Scotland’s college workers are inching closer to the first national strike for 20 years. Anger at government cuts and a miserly national pay offer have fuelled a mood to fight.
Members of the EIS Fela college lecturers’ union were set to meet at a special conference in Glasgow on Friday of this week.
They will debate strategy in their pay fight.
And the Unison union is recommending college support staff reject employers’ latest offer in a ballot ahead of pay talks on 19 November.
The current offer is far short of workers’ demands.
The Scottish National Party (SNP) government’s cutbacks mean there are fewer staff, lower student numbers and less cash in further education (FE).
The SNP has tried to disguise its cuts through a programme of college mergers.
The mergers brought Scotland’s colleges back into the public sector and returned pay negotiations to national bargaining.
The current dispute is the first of those negotiations.
Workers are furious that, at a time of cuts, bosses squirrelled away college cash and trousered hefty payoffs for themselves.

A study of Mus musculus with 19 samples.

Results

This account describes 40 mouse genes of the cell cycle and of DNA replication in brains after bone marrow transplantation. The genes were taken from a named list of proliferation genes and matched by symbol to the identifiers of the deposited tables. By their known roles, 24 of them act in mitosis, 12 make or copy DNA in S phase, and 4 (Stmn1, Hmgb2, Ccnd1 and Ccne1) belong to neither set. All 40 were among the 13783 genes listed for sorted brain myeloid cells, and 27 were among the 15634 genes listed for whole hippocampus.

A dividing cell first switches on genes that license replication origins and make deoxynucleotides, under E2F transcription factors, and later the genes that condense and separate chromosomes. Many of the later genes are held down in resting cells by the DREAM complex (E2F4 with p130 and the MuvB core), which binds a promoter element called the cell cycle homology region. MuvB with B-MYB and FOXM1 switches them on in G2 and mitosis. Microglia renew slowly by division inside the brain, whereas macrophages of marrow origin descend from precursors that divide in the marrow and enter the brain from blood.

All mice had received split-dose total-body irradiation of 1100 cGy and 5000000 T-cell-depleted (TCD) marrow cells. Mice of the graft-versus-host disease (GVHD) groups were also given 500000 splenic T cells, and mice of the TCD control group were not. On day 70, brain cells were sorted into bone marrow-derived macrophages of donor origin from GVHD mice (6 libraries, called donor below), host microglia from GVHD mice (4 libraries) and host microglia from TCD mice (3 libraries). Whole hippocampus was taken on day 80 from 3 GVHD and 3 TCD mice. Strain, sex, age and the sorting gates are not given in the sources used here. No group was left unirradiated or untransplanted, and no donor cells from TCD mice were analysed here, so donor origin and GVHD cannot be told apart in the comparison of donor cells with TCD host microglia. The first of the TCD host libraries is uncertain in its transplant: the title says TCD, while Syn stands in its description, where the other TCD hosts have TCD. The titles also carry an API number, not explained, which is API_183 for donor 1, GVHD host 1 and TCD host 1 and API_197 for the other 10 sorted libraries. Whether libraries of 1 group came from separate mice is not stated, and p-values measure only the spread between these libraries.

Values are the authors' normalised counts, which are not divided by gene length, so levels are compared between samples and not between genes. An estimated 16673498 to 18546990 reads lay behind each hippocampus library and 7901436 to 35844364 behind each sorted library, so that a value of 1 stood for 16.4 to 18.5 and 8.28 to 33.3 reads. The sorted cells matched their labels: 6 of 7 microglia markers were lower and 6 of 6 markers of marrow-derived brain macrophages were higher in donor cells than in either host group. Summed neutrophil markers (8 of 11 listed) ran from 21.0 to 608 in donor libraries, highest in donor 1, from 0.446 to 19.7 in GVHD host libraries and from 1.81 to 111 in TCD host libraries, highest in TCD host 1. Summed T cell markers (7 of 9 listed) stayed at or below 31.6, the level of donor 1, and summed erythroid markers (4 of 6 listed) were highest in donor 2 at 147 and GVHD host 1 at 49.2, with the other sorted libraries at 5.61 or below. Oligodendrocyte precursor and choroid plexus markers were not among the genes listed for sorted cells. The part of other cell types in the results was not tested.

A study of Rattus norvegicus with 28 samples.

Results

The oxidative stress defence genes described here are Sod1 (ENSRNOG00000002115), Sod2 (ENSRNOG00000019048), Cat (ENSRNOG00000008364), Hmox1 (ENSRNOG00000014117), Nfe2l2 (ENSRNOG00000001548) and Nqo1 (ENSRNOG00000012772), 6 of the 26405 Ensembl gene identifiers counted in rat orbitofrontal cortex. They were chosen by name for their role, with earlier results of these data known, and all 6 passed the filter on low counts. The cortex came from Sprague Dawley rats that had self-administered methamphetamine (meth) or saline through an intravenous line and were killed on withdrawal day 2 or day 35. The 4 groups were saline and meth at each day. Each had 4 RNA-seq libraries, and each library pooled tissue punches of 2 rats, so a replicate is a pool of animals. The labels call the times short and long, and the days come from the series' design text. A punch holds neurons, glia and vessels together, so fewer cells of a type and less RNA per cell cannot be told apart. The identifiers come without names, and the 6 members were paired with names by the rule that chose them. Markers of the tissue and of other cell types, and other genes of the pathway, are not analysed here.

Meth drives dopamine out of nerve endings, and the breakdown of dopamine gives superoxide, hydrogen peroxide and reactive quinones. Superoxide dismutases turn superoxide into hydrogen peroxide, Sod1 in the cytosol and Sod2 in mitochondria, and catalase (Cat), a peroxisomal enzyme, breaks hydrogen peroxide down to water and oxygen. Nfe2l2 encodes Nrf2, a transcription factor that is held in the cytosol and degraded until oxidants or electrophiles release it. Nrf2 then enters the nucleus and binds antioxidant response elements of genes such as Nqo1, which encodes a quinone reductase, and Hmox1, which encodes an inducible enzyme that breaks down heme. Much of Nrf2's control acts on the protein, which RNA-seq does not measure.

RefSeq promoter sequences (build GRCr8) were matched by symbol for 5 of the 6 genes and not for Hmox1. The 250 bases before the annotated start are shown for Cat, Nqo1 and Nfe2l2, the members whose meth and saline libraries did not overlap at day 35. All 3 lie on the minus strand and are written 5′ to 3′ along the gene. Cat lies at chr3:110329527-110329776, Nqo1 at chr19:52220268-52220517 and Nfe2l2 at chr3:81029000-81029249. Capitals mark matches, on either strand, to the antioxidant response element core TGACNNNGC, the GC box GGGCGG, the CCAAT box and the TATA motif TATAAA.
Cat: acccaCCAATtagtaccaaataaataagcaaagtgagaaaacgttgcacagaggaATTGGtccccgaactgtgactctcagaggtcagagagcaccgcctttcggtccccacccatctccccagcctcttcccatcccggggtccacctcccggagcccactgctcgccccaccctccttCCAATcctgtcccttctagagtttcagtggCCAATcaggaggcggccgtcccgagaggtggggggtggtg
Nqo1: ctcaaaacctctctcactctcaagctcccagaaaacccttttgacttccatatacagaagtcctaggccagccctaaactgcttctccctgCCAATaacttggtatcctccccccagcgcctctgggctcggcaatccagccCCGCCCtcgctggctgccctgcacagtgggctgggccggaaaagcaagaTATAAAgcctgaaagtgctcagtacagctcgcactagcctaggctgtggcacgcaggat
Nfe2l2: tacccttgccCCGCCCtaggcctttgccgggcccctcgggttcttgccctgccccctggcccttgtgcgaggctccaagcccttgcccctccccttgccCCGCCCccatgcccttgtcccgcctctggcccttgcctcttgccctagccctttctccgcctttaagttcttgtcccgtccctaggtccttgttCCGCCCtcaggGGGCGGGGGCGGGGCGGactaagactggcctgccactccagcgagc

Severance payments for those at the top have been so outrageous that MSPs are now scrutinising the details. One such example is Coatbridge College, now part of New College Lanarkshire.
Senior staff at Coatbridge are accused of collusion in handing £849,842 to former principal John Doyle, a member of his staff and five senior managers.
One EIS Fela member who worked at Coatbridge College called the payoffs “looting”.
They said, “These managers gave themselves plush offices, grand titles and obscene salaries.
“They introduced competition between colleges and sacked those who stood in their way.
“Back in the real world staff are being asked to accept the inequality of £7,000 difference in pay for doing the same job.
“And they insult us with a 1 percent pay rise, almost a year late. I’ll be rejecting their lousy offer and arguing for sustained strikes.”
The EIS has also exposed that tens of millions of pounds of cash reserves were transferred to arm’s length private trusts by college bosses over the past few years.
The employers have pleaded poverty and dragged pay negotiations out for far too long.
Union leaders now need to ballot for strikes.